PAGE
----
I am the John H. Laporte, Jr. Class of 1967 Professor of Economics, Public Policy and Finance at Princeton University. I started my academic career in 2001 after completing my bachelors degree in Mathematics with Computer Science and Ph.D. in Economics from MIT. Prior to joining Princeton in 2012, I taught at the University of California, Berkeley and the University of Chicago Booth School of business.
My research focuses on finance and macroeconomics, but the broader thrust is on understanding how we all connect with each other to form this thing we call the economy. I see the goal of economics as helping society connect with itself in ways such that the sum is bigger than its parts.
I co-founded the Center for Economic Research in Pakistan (CERP) in 2007, a non-profit research institute dedicated to economic research, teaching and innovation. I am also the director of the Julis-Rabinowitz Center for Public Policy and Finance at the Princeton School of Public and International Affairs.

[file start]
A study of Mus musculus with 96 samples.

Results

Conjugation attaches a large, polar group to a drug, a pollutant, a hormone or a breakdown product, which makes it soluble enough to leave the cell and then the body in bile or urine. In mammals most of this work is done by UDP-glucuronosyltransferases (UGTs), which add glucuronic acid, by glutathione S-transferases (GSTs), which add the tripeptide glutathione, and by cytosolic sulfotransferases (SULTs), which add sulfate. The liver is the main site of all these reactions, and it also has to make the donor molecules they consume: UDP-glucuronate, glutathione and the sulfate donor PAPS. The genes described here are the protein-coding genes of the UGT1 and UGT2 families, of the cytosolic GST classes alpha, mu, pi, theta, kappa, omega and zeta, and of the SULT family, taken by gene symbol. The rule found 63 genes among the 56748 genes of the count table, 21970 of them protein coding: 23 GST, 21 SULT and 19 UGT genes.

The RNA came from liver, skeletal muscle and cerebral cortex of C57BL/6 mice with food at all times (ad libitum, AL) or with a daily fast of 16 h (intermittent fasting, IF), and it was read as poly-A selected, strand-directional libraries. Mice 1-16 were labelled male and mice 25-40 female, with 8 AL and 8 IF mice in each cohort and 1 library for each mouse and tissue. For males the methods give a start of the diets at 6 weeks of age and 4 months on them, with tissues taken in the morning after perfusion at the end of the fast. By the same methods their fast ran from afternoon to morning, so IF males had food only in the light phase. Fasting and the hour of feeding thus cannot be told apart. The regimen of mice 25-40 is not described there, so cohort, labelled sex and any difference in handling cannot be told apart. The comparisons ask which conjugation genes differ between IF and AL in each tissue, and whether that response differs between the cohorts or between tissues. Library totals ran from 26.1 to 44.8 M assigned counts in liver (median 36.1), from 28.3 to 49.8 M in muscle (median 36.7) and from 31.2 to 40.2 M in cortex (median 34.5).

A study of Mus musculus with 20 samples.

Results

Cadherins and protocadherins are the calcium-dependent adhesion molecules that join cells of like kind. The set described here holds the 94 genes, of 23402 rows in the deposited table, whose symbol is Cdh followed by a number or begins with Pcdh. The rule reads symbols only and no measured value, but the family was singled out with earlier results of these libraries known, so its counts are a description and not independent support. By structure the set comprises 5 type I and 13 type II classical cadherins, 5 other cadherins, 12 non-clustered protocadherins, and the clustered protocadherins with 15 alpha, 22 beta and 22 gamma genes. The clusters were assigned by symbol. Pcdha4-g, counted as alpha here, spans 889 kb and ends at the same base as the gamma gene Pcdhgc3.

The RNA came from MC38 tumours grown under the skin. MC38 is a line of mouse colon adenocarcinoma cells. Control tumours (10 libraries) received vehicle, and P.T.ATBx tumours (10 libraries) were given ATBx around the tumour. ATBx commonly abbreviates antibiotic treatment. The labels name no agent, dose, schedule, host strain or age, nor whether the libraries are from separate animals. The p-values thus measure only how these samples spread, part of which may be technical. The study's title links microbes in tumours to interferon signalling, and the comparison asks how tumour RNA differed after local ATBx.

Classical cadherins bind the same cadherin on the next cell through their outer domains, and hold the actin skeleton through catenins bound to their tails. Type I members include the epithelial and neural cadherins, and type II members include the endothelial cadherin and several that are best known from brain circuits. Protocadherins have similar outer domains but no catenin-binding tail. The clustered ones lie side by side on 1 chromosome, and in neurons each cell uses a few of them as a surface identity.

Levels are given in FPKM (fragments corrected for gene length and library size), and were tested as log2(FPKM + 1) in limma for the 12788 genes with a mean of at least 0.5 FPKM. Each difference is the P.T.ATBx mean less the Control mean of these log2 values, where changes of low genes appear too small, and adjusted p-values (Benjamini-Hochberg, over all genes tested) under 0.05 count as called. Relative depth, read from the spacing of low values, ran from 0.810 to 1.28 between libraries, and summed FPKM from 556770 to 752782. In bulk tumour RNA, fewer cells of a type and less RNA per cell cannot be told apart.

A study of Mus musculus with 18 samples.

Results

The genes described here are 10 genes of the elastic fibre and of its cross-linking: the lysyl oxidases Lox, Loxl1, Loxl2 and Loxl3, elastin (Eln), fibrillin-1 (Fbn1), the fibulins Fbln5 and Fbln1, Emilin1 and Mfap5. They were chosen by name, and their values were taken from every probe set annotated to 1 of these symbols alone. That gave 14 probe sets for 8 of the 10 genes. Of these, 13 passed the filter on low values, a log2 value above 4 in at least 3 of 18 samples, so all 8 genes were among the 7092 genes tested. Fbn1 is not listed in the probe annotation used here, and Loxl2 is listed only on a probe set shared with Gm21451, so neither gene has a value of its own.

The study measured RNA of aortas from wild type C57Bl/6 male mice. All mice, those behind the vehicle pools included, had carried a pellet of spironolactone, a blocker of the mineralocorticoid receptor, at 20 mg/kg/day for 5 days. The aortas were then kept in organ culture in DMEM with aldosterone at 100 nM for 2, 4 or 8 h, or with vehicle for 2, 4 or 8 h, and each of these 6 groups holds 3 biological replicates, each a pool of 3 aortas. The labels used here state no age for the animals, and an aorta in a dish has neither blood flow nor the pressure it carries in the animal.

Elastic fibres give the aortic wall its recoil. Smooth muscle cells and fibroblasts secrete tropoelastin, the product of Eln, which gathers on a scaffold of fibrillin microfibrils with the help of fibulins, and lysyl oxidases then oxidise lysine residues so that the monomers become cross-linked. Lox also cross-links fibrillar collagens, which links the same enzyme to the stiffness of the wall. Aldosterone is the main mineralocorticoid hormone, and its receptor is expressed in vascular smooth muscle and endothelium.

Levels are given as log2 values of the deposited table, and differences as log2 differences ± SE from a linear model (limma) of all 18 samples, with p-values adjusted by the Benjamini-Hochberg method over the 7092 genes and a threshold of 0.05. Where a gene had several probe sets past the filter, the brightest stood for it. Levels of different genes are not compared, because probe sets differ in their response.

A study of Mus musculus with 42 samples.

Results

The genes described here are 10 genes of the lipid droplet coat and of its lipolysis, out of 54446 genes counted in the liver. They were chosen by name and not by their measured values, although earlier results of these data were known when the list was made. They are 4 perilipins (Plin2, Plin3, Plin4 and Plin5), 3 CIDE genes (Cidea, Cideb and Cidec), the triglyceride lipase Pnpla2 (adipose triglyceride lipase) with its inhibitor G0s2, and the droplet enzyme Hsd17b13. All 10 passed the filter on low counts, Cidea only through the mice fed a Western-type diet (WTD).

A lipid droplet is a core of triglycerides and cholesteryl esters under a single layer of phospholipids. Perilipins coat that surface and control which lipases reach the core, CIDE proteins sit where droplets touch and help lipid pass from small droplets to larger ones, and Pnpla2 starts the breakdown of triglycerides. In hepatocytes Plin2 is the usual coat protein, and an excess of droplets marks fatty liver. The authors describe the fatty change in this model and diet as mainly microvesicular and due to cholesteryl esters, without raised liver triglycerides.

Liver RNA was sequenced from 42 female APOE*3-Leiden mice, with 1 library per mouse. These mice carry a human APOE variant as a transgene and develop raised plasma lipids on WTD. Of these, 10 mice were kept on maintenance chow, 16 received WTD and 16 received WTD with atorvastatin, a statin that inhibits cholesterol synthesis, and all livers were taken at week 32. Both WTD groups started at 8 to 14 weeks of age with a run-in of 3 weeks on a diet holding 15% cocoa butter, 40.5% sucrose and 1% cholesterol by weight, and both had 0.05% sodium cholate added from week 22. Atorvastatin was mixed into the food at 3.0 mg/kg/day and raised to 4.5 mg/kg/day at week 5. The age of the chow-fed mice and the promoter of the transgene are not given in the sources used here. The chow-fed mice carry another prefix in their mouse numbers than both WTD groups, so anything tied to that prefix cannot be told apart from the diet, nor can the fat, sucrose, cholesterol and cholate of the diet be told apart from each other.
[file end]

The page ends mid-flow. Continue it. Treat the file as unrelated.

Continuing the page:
If you are interested in my work, you can read my earlier book, House of Debt with Amir Sufi, or watch a summary of the academic work behind it at the 2018 Nobel symposium. I also discuss the basic insight of our book in an interview with Thomas Friedman, and its policy implications are summarized in this New York Times article.
My current work focuses on the deeper implications of rising inequality for the macroeconomy - including growth, financial markets, monetary policy and fiscal policy. I lay out some of this agenda in this IMF magazine interview. You can read my working papers and published work here.